Starring two-time and current Olympic champion figure skater Pasha Grishuk as "Clara".
If you go
What: "Nutcracker on Ice"
Where: Beau Rivage Resort, Biloxi.
When: 7:30 p.m. Monday,
Tuesday, Wednesday, and Friday; 6 and 9 p.m. Saturday; 6 p.m. Sunday, Dec. 10; 4 and 7:30 p.m. Sunday, Dec. 17.
The stage -- actually 40-by-60-foot ice arena -- had been created the day, before transforming the space into the winter wonderland of the classic holiday ballet, set to the soaring music of
Russian composer Peter Illyich Tchaikovsky.
After a practice Tuesday night and five hours on the ice Wednesday, co-stars Pasha Grishuk and
her prince, Sergei Tartykov, glided across the small ice arena, rehearsing twists, turns, lifts and embraces under the watchful eye of choreographer Yuliana Malkhassiants.
With her blond curls and slight frame, Pasha Grishuk is the quintessential Clara, the central character of "The Nutcracker," a holiday favorite since it was first produced by the Russian
Imperial Ballet in 1892.
The 26-year-old skater, dancer and aspiring actress is a two-time Olympic gold-medal champion with four World Champion gold medals and three European gold medals to her name.
Even in fatigue-colored work-out pants and a flowered T-shirt, Pasha Grishuk was the embodiment of the grace and innocence of Clara. During rehearsal, she practiced seemingly
effortless spins and glissades across the ice and a scheduled interview had to wait. For the show to go on for its Friday debut, the skaters needed more practice time.
After two more hours of rehearsal, Pasha Grishuk took a break to talk about the show. She explained that a production the size of "Nutcracker on Ice" normally requires at least one month of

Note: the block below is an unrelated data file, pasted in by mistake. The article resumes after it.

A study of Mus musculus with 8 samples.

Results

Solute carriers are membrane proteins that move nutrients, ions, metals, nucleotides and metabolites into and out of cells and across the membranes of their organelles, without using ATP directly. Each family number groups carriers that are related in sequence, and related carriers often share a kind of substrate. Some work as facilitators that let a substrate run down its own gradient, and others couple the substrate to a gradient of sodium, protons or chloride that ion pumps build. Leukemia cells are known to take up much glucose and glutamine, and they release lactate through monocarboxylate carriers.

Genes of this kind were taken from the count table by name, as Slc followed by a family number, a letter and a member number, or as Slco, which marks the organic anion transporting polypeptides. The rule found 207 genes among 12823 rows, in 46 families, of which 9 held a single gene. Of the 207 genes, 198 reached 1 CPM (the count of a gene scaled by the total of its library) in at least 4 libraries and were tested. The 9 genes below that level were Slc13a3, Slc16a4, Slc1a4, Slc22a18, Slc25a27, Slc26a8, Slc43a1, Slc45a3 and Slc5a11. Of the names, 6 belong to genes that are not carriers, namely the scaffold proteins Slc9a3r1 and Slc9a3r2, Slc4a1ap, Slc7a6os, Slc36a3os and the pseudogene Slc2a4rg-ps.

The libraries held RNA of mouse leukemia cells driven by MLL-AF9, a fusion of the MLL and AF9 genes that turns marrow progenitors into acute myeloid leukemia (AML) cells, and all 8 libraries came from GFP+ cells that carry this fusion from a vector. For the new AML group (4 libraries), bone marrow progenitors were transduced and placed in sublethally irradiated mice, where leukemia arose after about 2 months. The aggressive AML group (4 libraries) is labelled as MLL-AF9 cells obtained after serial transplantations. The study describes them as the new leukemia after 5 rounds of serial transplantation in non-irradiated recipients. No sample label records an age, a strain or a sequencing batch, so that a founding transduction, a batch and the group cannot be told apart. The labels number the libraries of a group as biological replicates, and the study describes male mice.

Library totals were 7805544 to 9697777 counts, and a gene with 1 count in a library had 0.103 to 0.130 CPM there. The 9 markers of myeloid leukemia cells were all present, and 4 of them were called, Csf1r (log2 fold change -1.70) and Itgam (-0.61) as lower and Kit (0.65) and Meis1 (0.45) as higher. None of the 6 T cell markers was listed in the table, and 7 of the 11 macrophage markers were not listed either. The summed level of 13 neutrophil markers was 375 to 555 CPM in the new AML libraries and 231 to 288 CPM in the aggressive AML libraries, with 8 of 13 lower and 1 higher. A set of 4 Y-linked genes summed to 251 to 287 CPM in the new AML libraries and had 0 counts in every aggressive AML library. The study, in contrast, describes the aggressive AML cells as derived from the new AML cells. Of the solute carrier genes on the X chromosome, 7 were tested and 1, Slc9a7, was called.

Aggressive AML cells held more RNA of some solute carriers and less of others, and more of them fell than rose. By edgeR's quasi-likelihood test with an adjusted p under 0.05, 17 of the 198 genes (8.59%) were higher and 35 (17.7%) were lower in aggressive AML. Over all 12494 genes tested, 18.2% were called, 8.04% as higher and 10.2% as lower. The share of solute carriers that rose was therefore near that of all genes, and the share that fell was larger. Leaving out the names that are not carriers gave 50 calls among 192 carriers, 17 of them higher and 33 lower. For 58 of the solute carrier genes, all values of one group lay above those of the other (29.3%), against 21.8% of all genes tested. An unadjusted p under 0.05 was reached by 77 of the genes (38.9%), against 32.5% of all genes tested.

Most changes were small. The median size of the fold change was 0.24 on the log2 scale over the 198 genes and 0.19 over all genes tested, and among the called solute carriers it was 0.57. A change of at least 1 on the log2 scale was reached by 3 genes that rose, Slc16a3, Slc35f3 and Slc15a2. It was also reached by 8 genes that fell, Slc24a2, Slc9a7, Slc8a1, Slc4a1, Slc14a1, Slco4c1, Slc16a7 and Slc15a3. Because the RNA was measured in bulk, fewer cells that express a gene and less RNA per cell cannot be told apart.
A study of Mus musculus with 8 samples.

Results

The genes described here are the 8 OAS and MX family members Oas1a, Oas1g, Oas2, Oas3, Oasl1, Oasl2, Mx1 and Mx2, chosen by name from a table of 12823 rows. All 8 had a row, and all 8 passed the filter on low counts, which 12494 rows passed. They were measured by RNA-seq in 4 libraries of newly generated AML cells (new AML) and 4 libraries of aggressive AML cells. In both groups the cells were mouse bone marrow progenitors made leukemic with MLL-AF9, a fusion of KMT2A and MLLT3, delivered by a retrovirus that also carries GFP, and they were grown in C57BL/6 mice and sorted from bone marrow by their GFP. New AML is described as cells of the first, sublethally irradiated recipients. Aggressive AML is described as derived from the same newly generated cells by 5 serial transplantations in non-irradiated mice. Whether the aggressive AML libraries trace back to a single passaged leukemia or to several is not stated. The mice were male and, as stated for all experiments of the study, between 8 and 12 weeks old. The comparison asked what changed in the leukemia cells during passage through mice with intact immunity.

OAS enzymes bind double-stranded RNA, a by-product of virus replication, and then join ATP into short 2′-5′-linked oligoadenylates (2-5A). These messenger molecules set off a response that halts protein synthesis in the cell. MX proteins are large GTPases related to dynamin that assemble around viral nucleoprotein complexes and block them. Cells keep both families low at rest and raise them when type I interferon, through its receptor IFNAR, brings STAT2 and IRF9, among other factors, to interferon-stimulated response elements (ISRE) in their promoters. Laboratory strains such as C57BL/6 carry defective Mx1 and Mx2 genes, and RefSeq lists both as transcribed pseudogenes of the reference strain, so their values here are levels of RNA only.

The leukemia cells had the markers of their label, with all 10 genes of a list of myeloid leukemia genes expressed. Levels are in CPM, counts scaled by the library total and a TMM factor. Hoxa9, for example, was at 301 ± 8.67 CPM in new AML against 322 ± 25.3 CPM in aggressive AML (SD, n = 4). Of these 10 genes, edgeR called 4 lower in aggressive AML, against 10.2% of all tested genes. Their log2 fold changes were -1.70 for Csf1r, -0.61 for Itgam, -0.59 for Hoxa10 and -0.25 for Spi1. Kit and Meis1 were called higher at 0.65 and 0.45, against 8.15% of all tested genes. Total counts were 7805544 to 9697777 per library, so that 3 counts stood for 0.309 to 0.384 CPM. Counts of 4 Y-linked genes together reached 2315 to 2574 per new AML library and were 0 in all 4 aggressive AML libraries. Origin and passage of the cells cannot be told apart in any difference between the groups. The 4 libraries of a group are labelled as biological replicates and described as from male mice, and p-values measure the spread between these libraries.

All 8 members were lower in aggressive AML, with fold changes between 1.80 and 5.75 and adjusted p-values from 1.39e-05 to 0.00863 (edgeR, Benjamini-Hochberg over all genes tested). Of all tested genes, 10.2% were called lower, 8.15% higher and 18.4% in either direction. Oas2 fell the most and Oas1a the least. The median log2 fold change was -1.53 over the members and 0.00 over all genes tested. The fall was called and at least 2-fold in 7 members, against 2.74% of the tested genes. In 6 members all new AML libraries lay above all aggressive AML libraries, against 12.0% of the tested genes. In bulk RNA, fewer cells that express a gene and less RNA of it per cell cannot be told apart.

rehearsal; this group had only six days on site and a previous week in Las Vegas. However, she wasn't worried about opening night; she said that the cast was populated with perfectionists,
including herself. "I always put pressure on myself," she said.
The production marks Pasha Grishuk's first turn as Clara, a role she was excited to play.
"I love this fairy tale and can't believe I never skated it before. The music is so unbelievable, the
adagios . . . " she said trailing off dreamily. "I like her character. Clara is a very sweet, nice girl. She falls in love with the nutcracker and he becomes her prince. I just love this story."
In addition to starring in "Nutcracker," Pasha is helping to choreograph her part, which she said is a great experience, especially since she has to contend with a relatively small arena.
"It is very difficult, especially for me. My technique is trained over so many years with a lot of speed and fast footwork. I have to measure and think where does the ice end," explained the
Odessa, Ukraine native in her precise, Russian-accented English.
Audiences, she said, should expect a combination of artistry and athleticism, with elements of ice dancing, single skating and acting.
"We have the idea that this is also theater, not the Olympic games. People want to see the story,
the fairy tale," she said. "We could have done more difficult stuff if the ice were bigger, but it's not needed for this show."
Pasha explained that the show is primarily a traditional rendition of the classic ballet, with a few modern touches. "In our generation we try to be a little different and reinvent every time we do
Malkhassiants agreed, saying the American audience would be familiar with their interpretation.
With two productions of "The Nutcracker" as a principal solo dancer with the famed Bolshoi Ballet on her resume, choreographer Malkhassiants brings experience and a love of the ballet
and its music to the show. "The music by Tchaichovsky is very beautiful. It's just fantastic," she said during a rehearsal break.
In addition to being a performer, Malkhassiants also operates and serves as artistic director of her own dance company in Moscow; as such she is very involved with the technical aspects of
theater and was pleased to find the Beau Rivage Theatre a state-of-the-art venue. After searching for the adjectives to describe the theater, she said, "It has fantastic lighting effects
here. It's a very good theater (technically) . . . You can use all good words to describe it."